Matt Bellis, Siena College – The Large Hadron Collider and the Future of Physics

Could a new understanding of our universe be on the way?

Matt Bellis, assistant professor of physics at Siena College, determines how the Large Hadron Collider could bring about a fundamental change to physics overnight.

I’m a particle physicist by training and currently a member of the Department of Physics at Astronomy at Siena College. I received my PhD in Physics from RPI in 2003, working with photonuclear reactions using data from the electron accelerator at Jefferson Lab in Newport News, VA, work I continued when I started a post-doctoral position at Carnegie Mellon University. I then took a research associate position at Stanford University analyzing data from electron-positron collisions as part of the BaBar experiment. I spent a year teaching and doing research at Northern Illinois University before moving to my current position at Siena College. In 2013, I joined the CMS experiment at the LHC through a collaboration with Cornell University. I currently work with Siena students to search for signs of new physics in this rich and exciting dataset.

The Large Hadron Collider and the Future of Physics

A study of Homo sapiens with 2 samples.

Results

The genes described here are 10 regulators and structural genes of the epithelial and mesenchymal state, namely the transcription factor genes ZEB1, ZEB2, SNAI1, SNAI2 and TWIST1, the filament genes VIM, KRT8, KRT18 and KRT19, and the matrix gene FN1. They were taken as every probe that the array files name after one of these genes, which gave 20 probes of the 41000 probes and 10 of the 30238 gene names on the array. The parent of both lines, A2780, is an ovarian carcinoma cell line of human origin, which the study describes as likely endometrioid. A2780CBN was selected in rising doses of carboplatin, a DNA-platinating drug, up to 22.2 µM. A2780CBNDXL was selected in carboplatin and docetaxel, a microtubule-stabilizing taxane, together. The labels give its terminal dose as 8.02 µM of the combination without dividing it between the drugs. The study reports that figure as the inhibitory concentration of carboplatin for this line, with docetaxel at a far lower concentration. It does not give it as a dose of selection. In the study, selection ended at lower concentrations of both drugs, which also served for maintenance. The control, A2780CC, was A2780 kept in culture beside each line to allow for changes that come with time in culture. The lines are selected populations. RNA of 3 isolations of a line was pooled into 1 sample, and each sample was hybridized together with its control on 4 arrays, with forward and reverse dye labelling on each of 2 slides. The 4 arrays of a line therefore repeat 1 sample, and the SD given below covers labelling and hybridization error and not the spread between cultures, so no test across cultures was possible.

The scope of the engineering behind the accelerator is mind-blowing and is matched only by the scope of the question that scientists are currently trying to answer: how does nature work on the smallest of scales?

The energy of these collisions is so high that new particles are created,through the same mechanism codified in Einstein’s famous equation, E=mc2, Many  of these particle live for only fractions of a second. Particle physicists use the term “decay” for these short-lived particles, but that doesn’t mean they disintegrate. Instead they *transform * into two or more other particles and it is some of *these* particles that live long enough to be observed.

In three of the  four ongoing experiments at the LHC, researchers are studying  one of these particles, known as the top quark. It is the most massive of all fundamental particles and has only been observed transforming  into a handful of other particle combinations, all of which are consistent with our current picture of physics.

However, there are some theories which predict new tranformations , or new “decays.” of the top quark These are sometimes  referred to as “forbidden” decays, only because they are forbidden according to our current knowledge of physics. Any sign of these decays would fundamentally change physics  overnight.

If these decays even exist, they would happen very, very rarely. This is why the LHC runs  day and night to collect as much data as possible. If we observe these forbidden decays, which would mean they are not actually forbidden, then we’ll have changed how we understand the universe.